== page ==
Total Mileage: 104 miles
Disasters: 0 (actually there was one but Sarah says no one will want to read about it ???)
After a hard ride it can be a lottery on getting a good night’s sleep. Last night wasn’t great. Exercise, food and a couple of beers – you’d think it was a recipe for a brilliant night’s sleep but it doesn’t always work that way – anyone understand why ???
Waking early allowed time for planning. All forecasts say heavy rain tomorrow so we decided to hotel in Grivan for the next two nights. This would allow us to spend the rainy day in Girvan. We booked the Westcliffe Hotel over the phone.
We went for breakfast at 7:30am, and what a breakfast it was ! Porridge followed by a full Scottish – eggs, beans, mushrooms, fried bread, haggis, 4 rashes of bacon and 4 sausages ! Lovely breakfast but she could talk – we didn’t get out of breakfast till 9am having heard her entire family history and quite a bit about sheep !
The route from Sanquhar was lovely quiet roads until the section on the A76 which was no fun. We put a detour in as soon as we could just to get off it. Our detour took us the rest of the way to New Crummock where we stopped at a shop for water.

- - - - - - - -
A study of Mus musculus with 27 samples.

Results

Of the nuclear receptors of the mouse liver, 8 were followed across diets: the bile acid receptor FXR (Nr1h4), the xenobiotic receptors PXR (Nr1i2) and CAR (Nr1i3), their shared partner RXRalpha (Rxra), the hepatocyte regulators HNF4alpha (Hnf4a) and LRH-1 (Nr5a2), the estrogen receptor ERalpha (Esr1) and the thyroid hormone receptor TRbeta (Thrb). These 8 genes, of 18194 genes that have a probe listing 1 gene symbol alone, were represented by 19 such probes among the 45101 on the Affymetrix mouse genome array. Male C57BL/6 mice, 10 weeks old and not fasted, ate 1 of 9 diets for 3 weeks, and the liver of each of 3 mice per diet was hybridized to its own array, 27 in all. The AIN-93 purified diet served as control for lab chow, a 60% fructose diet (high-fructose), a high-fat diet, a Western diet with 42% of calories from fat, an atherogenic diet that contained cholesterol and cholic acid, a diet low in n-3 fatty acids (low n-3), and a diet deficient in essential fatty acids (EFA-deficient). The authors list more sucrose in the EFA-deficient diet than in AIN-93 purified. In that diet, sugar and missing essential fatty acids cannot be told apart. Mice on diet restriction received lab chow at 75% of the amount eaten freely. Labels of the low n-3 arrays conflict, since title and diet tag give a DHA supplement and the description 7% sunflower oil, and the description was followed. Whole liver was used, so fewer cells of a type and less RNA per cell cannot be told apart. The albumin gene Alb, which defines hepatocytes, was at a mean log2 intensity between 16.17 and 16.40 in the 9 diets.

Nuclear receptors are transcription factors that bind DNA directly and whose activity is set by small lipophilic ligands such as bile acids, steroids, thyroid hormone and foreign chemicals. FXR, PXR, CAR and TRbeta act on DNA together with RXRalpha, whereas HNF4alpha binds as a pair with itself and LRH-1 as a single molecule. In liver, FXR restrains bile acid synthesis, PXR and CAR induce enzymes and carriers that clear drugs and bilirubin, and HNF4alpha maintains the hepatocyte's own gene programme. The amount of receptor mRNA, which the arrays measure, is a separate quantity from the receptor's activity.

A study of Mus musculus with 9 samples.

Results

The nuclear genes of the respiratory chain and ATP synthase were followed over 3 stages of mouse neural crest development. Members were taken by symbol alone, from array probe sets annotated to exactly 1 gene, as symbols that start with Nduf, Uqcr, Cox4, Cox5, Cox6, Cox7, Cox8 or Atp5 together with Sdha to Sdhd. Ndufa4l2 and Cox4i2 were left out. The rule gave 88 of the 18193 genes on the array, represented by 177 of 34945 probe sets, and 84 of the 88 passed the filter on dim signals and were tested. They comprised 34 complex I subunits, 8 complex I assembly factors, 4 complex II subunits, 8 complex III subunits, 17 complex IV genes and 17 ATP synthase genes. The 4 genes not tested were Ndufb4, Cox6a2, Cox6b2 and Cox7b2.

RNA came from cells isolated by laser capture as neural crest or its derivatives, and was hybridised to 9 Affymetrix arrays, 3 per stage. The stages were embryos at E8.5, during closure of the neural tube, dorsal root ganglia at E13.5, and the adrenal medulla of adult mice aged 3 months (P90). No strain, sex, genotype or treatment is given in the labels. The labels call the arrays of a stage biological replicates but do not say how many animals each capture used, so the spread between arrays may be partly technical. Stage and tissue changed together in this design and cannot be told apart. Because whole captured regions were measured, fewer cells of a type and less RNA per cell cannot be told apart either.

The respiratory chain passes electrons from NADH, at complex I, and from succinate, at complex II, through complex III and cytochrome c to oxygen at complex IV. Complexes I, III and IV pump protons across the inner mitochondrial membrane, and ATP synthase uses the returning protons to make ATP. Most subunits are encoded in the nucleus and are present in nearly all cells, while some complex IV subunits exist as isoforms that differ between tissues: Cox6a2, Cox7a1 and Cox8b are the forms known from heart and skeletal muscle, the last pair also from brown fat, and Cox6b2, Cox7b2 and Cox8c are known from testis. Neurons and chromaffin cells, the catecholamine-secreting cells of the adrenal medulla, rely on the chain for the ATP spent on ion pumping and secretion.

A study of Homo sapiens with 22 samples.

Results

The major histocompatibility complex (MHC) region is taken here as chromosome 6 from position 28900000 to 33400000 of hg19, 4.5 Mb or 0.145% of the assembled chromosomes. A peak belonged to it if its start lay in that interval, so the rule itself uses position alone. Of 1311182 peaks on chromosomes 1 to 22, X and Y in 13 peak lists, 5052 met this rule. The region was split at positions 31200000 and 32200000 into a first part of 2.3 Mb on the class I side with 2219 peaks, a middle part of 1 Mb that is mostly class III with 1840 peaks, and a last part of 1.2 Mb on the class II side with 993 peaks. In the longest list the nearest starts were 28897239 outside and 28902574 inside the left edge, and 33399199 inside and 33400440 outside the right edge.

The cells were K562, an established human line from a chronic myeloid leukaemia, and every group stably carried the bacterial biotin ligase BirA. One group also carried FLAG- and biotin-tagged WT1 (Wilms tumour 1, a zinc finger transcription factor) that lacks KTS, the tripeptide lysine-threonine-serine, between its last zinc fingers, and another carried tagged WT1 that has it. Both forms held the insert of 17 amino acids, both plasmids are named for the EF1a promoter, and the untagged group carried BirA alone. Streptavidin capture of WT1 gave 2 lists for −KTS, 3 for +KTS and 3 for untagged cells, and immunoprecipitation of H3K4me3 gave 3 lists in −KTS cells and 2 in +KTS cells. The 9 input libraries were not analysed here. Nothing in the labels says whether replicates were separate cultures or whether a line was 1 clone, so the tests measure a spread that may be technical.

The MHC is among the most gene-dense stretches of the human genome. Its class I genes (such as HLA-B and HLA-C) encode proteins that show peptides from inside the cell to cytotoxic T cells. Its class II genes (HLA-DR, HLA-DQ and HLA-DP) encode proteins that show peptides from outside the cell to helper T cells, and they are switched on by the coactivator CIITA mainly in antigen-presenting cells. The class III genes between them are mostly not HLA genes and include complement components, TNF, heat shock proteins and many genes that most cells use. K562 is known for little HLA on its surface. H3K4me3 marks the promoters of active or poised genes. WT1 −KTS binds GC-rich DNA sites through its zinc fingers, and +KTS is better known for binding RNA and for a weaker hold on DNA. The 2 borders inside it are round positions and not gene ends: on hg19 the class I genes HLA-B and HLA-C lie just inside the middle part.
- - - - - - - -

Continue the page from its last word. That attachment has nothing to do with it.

From New Cumnock we followed a quiet but hilly route towards the coast and were blessed with sunshine again. We stopped at a pub in Straiton for a refreshing pint in the Black Bull beer garden.
From Straiton it was only 14 miles to Grivan where we easily found our hotel. We showered and went for a walk around the harbour and seafront in the sunshine.
Fish and chips from Grazianos were massive.
While eating we watched the sun set behind the island of Ailsa Craig.
A little bit of info on Ailsa Craig….
Aisle Craig is an island 10 miles west of Grivan. It is 4 km (2.5 mi) in circumference and rises to a height of 340 m (1,120 ft).
Likened by many to a giant currant bun on account of its near-vertical sides and rounded peak, Ailsa Craig (meaning “Fairy Rock” in Gaelic) is a place of history, folklore and legend. It’s also known as Paddy’s Milestone because it lies almost halfway between Belfast and Glasgow, occupying a lonely spot 10 miles to the west of the town of Girvan in the Firth of Clyde that once made it a haven for smugglers who stashed silk, spirits, tobacco and other contraband in the deep caves on its western fringes.